Thursday 23 March 2017

Youthful Malt Not Considered Harmful

The cyclical nature of Scotch Whisky sales, forever moving from boom to bust to boom to bust, has occasionally led the industry into difficulties of its own making.

The slump of the eighties led in turn to an oversupply in the oughties of well aged malt, which the industry attempted to tackle by emphasising age as the one true mark of quality.

The (inevitable?) consequence of that tactic, of course is that during the most recent boom many producers have been reluctant to admit that they are bottling younger whiskies, resorting instead to the modesty blanket of a fanciful brand name, and taking advantage of the fact that they aren't actually obliged to state the age of a whisky.

This has led to much public argumentation between, broadly speaking, two camps. On the one hand there are those irate persons, generally not employed in the industry, who consider Non Age Statement whiskies to be a bad thing, and on the other the more emollient voices, often of those in the trade, who defend the practice as a sensible response to a shortage of aged stock.

(It has also, amusingly, led to Compass Box's clever dancing round the rules, and to Bruichladdich's rather more low-key activities in the same vein. Both of which I consider to be a good thing.)

But few bottlers have bitten the bullet and released young whiskies with prominently displayed aged statements. Which leads me to Càrn Mòr.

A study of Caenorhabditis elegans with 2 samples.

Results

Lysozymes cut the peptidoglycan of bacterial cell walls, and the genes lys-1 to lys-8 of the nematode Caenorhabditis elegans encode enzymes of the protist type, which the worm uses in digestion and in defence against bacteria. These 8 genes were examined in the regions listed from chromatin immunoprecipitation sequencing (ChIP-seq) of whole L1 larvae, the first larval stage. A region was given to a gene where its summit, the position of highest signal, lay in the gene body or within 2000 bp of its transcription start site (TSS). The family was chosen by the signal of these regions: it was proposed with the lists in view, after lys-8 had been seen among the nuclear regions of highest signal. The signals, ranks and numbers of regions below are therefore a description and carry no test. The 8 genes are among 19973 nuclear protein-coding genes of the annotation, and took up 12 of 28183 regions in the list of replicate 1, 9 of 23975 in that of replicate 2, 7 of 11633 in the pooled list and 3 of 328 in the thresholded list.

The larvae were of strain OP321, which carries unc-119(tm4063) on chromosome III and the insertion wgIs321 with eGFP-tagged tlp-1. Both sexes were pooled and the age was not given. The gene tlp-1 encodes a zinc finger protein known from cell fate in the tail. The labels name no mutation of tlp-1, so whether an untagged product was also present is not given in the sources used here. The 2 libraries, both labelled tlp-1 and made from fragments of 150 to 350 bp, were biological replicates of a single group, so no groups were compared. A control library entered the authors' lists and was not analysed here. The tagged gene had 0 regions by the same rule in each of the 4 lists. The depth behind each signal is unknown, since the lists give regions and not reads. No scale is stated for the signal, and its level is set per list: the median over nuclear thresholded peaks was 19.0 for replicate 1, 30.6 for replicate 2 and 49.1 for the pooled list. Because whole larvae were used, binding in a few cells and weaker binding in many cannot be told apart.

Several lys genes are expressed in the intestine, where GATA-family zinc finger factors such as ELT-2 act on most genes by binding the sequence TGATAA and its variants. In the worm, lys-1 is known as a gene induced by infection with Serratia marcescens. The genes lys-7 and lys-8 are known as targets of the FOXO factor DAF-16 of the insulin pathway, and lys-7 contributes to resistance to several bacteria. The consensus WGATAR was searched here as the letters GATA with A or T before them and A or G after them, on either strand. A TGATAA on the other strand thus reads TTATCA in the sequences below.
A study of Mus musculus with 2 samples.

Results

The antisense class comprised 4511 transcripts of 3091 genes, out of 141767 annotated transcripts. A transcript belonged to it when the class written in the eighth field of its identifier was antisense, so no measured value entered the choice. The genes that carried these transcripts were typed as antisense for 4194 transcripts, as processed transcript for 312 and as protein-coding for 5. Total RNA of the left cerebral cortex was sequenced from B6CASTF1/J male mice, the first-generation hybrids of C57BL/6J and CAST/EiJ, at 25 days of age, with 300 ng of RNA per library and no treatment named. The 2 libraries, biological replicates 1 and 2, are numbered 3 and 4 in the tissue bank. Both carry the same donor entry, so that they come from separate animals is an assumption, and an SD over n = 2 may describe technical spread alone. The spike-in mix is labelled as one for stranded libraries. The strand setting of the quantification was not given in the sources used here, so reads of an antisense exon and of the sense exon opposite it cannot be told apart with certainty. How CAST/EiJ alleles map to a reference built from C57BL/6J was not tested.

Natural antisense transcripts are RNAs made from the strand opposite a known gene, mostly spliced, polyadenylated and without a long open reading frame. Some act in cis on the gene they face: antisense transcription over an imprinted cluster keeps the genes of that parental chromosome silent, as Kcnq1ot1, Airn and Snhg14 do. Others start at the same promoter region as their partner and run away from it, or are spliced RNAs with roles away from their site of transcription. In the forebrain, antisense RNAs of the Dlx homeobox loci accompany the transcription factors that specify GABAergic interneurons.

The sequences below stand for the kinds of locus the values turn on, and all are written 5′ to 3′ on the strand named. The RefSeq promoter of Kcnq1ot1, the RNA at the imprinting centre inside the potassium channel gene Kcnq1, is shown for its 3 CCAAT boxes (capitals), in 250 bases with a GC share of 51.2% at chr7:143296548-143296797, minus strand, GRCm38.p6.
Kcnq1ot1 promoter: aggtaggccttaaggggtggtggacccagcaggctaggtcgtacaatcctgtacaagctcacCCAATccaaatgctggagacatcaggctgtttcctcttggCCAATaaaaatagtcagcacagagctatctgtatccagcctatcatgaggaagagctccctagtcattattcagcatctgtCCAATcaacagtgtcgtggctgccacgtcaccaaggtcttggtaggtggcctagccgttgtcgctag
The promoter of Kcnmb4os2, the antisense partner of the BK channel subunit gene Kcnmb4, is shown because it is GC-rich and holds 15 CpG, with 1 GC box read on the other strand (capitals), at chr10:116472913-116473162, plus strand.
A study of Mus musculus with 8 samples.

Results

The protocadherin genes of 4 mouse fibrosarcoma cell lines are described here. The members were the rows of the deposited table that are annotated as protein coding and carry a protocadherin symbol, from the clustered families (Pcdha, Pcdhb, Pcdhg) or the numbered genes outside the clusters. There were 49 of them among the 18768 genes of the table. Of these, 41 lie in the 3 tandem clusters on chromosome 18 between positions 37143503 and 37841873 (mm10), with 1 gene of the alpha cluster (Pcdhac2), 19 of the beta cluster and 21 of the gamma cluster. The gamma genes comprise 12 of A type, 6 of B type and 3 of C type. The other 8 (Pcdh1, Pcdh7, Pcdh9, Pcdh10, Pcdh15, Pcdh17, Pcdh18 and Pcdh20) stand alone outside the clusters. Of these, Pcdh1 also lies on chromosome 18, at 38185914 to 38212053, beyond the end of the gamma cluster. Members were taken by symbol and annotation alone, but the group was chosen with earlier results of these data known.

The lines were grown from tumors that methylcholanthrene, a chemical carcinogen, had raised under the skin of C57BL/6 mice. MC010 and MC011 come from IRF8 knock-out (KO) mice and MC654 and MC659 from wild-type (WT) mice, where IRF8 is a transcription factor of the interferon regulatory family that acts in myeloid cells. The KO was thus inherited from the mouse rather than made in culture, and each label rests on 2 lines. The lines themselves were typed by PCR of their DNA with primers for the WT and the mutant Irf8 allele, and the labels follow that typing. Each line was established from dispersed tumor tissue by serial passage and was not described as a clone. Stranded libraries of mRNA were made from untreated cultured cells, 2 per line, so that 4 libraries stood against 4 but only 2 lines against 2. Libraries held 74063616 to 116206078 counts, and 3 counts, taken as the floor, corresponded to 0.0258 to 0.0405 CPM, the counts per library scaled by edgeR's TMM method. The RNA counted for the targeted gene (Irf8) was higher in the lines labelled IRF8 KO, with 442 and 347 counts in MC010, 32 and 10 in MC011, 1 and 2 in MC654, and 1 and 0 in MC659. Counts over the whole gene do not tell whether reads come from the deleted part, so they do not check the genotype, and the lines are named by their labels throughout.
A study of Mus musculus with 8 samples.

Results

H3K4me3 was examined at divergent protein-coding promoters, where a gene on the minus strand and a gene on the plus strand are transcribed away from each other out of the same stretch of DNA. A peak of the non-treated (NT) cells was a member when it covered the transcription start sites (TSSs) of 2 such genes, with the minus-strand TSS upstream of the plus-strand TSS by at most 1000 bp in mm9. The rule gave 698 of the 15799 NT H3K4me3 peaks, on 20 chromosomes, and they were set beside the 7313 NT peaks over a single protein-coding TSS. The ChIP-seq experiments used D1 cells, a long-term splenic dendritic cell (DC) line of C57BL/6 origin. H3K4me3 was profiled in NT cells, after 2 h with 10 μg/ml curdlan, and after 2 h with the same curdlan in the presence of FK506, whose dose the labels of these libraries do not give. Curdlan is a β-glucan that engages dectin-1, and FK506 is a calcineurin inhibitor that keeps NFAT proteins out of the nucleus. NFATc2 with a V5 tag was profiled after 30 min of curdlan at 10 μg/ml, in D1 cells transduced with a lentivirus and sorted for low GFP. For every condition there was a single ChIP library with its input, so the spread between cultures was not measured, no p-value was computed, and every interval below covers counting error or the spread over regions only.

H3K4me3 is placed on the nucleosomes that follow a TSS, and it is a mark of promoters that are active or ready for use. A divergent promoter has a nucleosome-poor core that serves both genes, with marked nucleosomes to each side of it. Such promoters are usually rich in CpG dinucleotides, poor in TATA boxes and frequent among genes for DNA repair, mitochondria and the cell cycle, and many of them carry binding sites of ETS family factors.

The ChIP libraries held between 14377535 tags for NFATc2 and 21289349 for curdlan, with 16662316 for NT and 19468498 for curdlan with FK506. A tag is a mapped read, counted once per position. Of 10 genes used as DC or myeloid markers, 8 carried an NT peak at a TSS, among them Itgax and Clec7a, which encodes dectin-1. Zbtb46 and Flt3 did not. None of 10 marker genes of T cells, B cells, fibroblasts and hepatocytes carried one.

Càrn Mòr is the single malt brand of Morrison & Mackay, the Perthshire independent bottler and erstwhile maker of whisky cream liqueurs. I'm a fan of their whiskies for several reasons. Their labels are admirably clear and informative; young Peter Mackay, their envoy in the West, is an entertaining and charming fellow; their bottlings offer, in my opinion, good value for money; and most importantly, they generally bottle good whisky.

I expect I'm wrong (and please do correct me) but I believe they were the first bottlers in recent times to offer a malt with a '4' prominently displayed on the label, on a Glentauchers distilled in 2010 and bottled from a sherry puncheon in 2015. That was a fine dram; fiery, but also packed with marmalade and demerara sugar flavours, and ridiculously good value for money.

Tonight's bottle, by contrast, is a venerable five year old. It's from the blessed Glenburgie, and is a very fine example of the fruity style at which that distillery excels. The nose immediately shouts out "Fruit!" at you, and a deeper sniff reveals it to be Opal fruits. The palate is light, soft, fresh , and fruity. It's not complex, and there is a wee bite to it, but that fruit is just charming. A lovely wee dram, and very sensibly priced too. Oh, and it's really rather fruity.

I suppose I need hardly say that I wish more bottlers would follow the example of Càrn Mòr. I'm not that fussed about the age of a whisky, as long as it tastes good, but I don't care for smoke and mirrors. Or heritage and haggis and no age statement.